Friday, May 15, 2015

Review: Vengeance is Sweet

Geek theater isn’t a new form but it’s certainly hitting it’s stride. With so many theater artists taking risks in this genre, it’s nothing short of exciting to see the culmination and product of vibrant ideas. In Vampire Cowboy’s latest offering, Six Rounds of Vengeance by Qui Nguyen, a ragtag team of bandits set out to rid the world of evil in a post-apocalyptic Lost Vegas overrun by Long Tooths.
On a mission of vengeance, an unlikely trio of heroes set out to defeat some high-fighting vampires in Qui Nguyen’s sci-fi geek chic dark comedy Six Rounds of Vengeance. Sprinkled with pop culture references, layered with humor within the heart, and filled with top notch sword fights, Six Rounds of Vengeance is one of those theatrical experiences you wanted but didn’t realize you needed. Malcolm, a former cop, and Jess December and Lucky, a pair of bounty hunters, cross paths to discover that they each have a history of loss that need to be avenged. On their journey to exterminate Queen Mad, leader of the Long Tooths, the trio goes on a journey of self-awareness, discovering the truths within themselves and their pasts. Nguyen’s script is witty, gritty, and fun. The characters that Nguyen has fashioned are not cookie cutter sci-fi types. They have depth. Certainly the conceit of the show, a play about vengeance, aids in giving the characters colors. Love, loss, and identity bring these characters to fight to justice. But sometimes when justice is in reach, letting go is the suitable finale. The play moves quickly and has room to build. However the video package at the start and middle of the show are a bit jarring. There certainly could be a stretch to link the videos to the play itself, but it is a stretch.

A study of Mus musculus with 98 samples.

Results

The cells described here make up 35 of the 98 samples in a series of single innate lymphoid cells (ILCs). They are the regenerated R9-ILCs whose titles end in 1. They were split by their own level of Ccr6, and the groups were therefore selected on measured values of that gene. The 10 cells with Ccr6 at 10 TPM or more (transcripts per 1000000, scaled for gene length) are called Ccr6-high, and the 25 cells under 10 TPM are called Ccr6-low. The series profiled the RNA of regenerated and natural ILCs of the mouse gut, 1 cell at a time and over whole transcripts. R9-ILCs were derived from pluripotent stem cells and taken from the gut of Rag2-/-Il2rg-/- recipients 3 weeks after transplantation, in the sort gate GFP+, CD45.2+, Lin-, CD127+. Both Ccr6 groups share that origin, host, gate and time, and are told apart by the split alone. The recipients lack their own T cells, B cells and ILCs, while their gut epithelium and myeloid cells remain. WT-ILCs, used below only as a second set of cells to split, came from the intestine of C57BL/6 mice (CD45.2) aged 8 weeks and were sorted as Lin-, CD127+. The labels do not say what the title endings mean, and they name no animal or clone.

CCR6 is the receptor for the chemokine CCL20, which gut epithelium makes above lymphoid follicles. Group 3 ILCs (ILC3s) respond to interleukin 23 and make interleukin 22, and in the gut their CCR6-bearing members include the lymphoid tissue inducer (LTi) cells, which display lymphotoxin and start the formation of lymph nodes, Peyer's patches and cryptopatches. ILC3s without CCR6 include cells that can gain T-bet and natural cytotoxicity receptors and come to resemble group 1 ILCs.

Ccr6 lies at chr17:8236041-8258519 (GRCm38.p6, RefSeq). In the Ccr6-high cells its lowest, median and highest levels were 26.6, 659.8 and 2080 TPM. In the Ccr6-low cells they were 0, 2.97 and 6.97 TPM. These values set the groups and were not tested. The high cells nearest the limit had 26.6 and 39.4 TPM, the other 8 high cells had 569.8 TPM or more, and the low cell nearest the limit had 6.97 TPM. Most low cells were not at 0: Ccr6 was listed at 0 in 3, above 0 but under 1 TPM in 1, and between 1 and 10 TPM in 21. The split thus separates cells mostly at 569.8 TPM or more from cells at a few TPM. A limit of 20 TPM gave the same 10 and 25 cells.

With unlikely characters taking center stage, an unlikely cast of actors get the privilege to be action stars. What makes Six Rounds of Vengeance special is in the film world, the ensemble likely would not be cast in these roles, yet on stage, they fit wonderfully. Sheldon Best as soft-spoken sassmaster Malcolm had some projection issues but his police turned cowboy demeanor was quite strong. Jamie Dunn and Tom Myers had great chemistry as bounty buddies Jess and Lucky. Dunn’s Jess doesn’t seem like a badass on the surface but she displays some killer moves. Myers’ Lucky has a great story to build on and you love him even when he turns into the Sabretooth like creature. While Jon Hoche and Nicky Schmidlein get the glory of playing an abundance of parts, it’s when they portray their evil alter egos do they truly come alive. Schmidlein, like Dunn, has some incredible fight and sword-wielding skills. Schmidlein’s Queen Mad is a wonderful love-to-hate villain.
Journey plays can always be difficult to portray on stage. On paper, Six Rounds of Vengeance may seem better suited for film, but director Robert Ross Parker does a phenomenal job making it work brilliantly on stage. Through theatrical magic and innovative staging, the piece flowed seamlessly. Parker brought the nuances of Nguyen’s world to life. His vision made this well-rounded production cohesive. Nick Francone played double duty as scenic and lighting designer, two of the strong aspects of the design. Francone’s set lived in sepia glory and brought color via light. The usage of broken billboards were simple enough to evoke the setting. The videos by Matthew Tennie were an incredible addition that assisted in the movement of the world. The costumes by Kristina Makowski were wonderful, blending pre and post apocalypse nicely. The score by Shane Rettig was exactly what the piece needed to reflect the film aspect of the script. Rettig’s music was noticeably subtle in all the right ways. Even the action sound cues were wonderful and appeared in the right places.
Geek chic theater is alive and well. Six Rounds of Vengeance is a high-powered, energy-filled exciting night of theater.